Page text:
Prime Minister Antonis Samaras, PASOK leader Evangelos Venizelos and Democratic Left Fotis Kouvelis agreed yesterday to speed up the process by which Athens will ask its lenders for changes to the bailout agreement.
Sources told Kathimerini that the leaders, rather than leave the issue of renegotiating the MoU, until September, they agreed that Greece should adopt a more proactive stance. As a result, it is likely that Finance Minister Yannis Stournaras will be asked to bring up the issue at a Eurogroup meeting, which is due to take place towards the end of July
However, the task of renegotiating the terms will not be left up just to Stournaras. Samaras, Venizelos and Kouvelis are likely to form the key negotiating team but officials at other levels will also be involved.
Government officials said to protothema.gr that in the Eurogroup, Finance Minister Yannis Stournaras moved along the lines he had agreed with the Prime Minister and that the issue of extending the fiscal adjustment will come at the appropriate time in order to bring the most positive results for Greece.
ND says, the paper writes, that since the transfer of the renegotiation has a political cost, Venizelos wants to record a different attitude in order to avoid his share of the blame, and use it to his advantage later on. Venizelos who sees politics in connection with the ongoing weakening of his party insists on creating a national negotiating committee so that he could involve SYRIZA as well or charge it for avoiding to contribute to the national effort.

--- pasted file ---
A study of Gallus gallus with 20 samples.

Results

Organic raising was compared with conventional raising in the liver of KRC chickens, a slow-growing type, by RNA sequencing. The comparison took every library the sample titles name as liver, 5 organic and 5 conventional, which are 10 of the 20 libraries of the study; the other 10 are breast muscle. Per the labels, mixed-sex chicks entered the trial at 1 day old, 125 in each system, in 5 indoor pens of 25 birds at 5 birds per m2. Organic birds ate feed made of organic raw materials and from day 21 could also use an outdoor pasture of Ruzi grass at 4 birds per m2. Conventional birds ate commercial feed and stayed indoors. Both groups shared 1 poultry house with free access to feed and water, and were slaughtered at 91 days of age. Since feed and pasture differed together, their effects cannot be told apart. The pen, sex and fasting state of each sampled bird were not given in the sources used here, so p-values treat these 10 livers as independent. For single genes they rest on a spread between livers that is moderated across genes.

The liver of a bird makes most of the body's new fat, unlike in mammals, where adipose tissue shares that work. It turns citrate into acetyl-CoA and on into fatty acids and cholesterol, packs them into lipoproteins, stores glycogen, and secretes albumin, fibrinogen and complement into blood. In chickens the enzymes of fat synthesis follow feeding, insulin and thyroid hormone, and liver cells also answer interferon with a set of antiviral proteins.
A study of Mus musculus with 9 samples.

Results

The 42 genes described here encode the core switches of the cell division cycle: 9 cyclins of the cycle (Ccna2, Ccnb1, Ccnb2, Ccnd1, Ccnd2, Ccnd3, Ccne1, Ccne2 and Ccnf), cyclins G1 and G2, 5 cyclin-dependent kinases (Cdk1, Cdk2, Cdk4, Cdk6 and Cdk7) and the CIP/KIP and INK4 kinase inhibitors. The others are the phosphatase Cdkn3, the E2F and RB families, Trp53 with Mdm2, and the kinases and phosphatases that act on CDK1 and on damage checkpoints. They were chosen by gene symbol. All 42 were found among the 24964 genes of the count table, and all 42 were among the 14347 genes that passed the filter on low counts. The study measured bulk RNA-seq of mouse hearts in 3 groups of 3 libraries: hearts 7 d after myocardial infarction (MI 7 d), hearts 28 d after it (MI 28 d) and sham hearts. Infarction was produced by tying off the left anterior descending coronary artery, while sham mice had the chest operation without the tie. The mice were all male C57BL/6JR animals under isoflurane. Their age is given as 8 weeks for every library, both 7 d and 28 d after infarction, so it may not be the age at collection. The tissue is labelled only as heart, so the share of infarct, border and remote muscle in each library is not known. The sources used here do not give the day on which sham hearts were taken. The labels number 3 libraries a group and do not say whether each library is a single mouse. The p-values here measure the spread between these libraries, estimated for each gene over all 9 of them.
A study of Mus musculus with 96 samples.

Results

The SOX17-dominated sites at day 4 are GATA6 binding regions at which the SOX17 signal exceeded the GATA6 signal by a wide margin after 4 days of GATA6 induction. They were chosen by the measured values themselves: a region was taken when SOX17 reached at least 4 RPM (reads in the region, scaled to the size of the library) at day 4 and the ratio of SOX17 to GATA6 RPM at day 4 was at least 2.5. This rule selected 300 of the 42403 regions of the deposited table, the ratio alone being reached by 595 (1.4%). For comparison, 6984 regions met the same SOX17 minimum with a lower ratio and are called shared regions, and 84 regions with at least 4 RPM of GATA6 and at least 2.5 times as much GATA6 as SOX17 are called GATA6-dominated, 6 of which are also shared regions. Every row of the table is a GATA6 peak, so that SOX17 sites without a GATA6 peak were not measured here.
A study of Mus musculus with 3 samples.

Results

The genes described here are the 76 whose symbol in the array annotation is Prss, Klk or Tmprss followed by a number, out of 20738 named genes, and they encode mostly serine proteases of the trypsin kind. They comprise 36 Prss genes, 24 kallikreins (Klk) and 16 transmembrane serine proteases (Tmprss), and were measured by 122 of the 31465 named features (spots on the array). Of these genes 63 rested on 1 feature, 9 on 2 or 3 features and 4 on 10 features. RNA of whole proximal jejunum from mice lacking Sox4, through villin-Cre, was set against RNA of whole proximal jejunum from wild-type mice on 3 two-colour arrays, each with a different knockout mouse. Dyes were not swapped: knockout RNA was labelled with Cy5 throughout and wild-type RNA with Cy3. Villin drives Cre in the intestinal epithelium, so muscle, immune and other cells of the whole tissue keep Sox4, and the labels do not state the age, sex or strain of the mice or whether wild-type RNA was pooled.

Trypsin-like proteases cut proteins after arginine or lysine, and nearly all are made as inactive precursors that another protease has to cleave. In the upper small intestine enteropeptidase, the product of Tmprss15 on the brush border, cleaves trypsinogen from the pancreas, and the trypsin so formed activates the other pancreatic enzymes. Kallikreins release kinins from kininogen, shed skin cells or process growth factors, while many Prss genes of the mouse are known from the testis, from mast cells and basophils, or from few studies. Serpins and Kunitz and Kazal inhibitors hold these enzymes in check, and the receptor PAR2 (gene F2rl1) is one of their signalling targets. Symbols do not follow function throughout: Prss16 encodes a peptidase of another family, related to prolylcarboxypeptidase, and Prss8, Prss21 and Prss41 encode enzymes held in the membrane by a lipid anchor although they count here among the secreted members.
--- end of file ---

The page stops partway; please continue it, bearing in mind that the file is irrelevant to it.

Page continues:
By searching for alternative measures, the coalition government is tryin to avoid implementing once again horizontal measures that could affect as many as 200,000 employees in the public sector.
Depending on the results and the government’s ability to renegotiate with Greece’s lenders, the measure of wage reduction by 12% on average, which was abandoned before the elections, should come back in the form of a bill that would provide for a scale-based cut in order to protext lower wages; high wages could end up suffering reduction that will probably exceed 20%.
Measures affect judiciaries, NHS doctors, academics, diplomats, high priests and uniformed army and police personnel, although a special formula is sought for the latter. The measure aims to save EUR 200 million euros this year and EUR 400 million in 2013.
According to media reports, these cuts will result in the elimination of dozens of benefits received by that portion of employees, as was the case with the single payroll in the public sector. The benefits that will be retained are expected to be integrated in the basic salary, while there might also be some minor increases (about 5%) in the final salary on the lower levels of the payroll.